Major Benefits Anticipated from Proposed National Minerals Policy

Photo: Adrian Walker Principal Director, Policy Planning and Development Division, Ministry of Transport and Mining, Dr. Oral Rainford.

Story Highlights

  • Principal Director, Policy Planning and Development Division, Ministry of Transport and Mining, Dr. Oral Rainford, is optimistic about the benefits to be derived from the implementation of the proposed National Minerals Policy, which he says is expected to be tabled in Parliament as a White Paper soon.
  • Speaking with JIS News during the 24th bauxite and mining conference held in Montego Bay recently, Dr Rainford expounded on some of the key focus areas. “Chief among them would be the emphasis on value addition, (by) ensuring that we are not just focused on raw materials but adding value.
  • According to the Principal Director, the Policy aims to provide the Government with the platform that outlines a common framework relating to the minerals industry, “so (that) it is well known, well documented and there is certainty in respect of the approach to the sector”.

Principal Director, Policy Planning and Development Division, Ministry of Transport and Mining, Dr. Oral Rainford, is optimistic about the benefits to be derived from the implementation of the proposed National Minerals Policy, which he says is expected to be tabled in Parliament as a White Paper soon.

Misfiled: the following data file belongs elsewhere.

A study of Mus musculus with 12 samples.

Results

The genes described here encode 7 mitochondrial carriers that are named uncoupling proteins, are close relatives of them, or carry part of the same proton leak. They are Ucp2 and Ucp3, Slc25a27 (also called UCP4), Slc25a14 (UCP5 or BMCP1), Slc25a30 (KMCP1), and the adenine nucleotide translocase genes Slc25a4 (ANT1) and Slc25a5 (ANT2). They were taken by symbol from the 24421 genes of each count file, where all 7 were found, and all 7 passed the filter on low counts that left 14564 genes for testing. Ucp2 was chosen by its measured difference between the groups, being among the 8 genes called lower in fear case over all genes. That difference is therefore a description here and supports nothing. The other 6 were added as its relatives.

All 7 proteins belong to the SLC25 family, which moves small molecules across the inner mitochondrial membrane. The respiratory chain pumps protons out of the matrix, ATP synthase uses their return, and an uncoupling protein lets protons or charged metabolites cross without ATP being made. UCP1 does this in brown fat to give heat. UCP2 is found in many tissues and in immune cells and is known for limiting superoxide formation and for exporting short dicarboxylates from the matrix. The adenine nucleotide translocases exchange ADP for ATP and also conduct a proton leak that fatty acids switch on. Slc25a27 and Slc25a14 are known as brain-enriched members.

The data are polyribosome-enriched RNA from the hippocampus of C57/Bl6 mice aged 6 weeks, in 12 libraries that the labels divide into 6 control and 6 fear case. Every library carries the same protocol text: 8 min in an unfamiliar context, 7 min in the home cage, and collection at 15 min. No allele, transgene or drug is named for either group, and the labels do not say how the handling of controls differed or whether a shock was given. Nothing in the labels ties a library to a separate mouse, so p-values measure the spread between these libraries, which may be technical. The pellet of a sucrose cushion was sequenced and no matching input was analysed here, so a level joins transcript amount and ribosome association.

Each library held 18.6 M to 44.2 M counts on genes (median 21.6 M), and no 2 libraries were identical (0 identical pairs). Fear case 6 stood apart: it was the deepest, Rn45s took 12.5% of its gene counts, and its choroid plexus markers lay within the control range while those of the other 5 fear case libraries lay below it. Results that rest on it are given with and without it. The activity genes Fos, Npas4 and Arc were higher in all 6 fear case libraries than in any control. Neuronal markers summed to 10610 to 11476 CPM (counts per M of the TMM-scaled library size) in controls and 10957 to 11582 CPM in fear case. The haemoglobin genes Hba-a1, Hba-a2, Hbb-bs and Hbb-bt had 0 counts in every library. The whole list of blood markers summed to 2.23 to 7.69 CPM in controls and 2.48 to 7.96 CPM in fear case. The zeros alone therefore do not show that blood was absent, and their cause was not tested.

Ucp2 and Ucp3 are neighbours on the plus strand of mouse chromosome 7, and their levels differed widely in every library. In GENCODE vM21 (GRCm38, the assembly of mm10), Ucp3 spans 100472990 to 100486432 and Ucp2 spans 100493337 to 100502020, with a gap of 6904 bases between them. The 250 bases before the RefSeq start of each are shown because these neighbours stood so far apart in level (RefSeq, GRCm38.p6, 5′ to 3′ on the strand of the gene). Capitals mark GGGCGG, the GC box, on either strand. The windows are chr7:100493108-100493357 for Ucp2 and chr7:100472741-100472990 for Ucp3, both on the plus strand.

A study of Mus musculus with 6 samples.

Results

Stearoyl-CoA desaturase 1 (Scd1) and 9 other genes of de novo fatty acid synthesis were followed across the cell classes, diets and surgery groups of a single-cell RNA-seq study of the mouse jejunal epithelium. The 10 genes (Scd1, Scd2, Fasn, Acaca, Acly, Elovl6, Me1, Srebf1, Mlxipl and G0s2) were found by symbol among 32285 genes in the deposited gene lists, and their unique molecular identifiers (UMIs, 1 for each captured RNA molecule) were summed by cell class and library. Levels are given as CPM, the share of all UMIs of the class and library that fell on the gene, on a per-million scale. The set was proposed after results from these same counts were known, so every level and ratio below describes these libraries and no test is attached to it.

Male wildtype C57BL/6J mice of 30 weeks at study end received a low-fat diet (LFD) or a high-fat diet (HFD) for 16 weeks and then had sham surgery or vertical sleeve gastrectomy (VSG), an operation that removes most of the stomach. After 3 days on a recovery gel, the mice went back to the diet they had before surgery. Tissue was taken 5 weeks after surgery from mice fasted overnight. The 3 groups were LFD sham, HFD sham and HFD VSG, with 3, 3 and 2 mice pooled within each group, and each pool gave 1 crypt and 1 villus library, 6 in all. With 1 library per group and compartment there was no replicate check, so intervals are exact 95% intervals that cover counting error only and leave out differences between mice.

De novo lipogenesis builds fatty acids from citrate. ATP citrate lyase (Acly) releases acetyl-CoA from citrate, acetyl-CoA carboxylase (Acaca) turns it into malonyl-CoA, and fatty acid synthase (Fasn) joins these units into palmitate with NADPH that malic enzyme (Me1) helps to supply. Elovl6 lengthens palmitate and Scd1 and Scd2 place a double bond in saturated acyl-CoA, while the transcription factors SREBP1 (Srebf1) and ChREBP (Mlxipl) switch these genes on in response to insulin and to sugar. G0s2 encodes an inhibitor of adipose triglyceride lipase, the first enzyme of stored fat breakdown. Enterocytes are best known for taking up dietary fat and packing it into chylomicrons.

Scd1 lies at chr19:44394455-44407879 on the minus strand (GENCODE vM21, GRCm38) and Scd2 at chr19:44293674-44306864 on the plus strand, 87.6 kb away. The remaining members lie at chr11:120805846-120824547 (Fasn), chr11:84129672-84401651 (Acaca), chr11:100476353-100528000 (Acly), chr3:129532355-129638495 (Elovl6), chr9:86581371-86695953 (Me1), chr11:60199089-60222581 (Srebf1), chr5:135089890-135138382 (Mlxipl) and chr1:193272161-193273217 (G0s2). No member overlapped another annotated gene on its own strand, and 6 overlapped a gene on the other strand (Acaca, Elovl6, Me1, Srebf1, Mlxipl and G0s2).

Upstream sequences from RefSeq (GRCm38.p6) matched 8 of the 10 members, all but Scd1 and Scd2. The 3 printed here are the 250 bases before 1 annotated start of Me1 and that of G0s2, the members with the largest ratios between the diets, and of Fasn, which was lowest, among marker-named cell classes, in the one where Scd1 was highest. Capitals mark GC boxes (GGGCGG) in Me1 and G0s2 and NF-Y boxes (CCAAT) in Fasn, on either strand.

It addresses Jamaica’s minerals sector, the minerals/mining policy, and implementation frameworks.

Speaking with JIS News during the 24th bauxite and mining conference held in Montego Bay recently, Dr Rainford expounded on some of the key focus areas. “Chief among them would be the emphasis on value addition, (by) ensuring that we are not just focused on raw materials but adding value.

That approach enables the Jamaican Government and people to extract greater returns from the use of our mineral resources and development of the minerals sector,” he said. Dr. Rainford further noted that the Policy will enable Jamaica to utilise greater numbers of more highly skilled persons, particularly those graduating from tertiary institutions.

According to the Principal Director, the Policy aims to provide the Government with the platform that outlines a common framework relating to the minerals industry, “so (that) it is well known, well documented and there is certainty in respect of the approach to the sector”.

Dr. Rainford emphasised the importance of reviewing the legislative framework and getting to the stage where certain distinctions are not as difficult as currently obtains.

“Traditionally, there has been this major distinction between the bauxite and alumina industry and other segments of the minerals sector, which is fairly artificial because the mining methodologies (and) environmental impacts (among other things) are more or less the same,” he pointed out.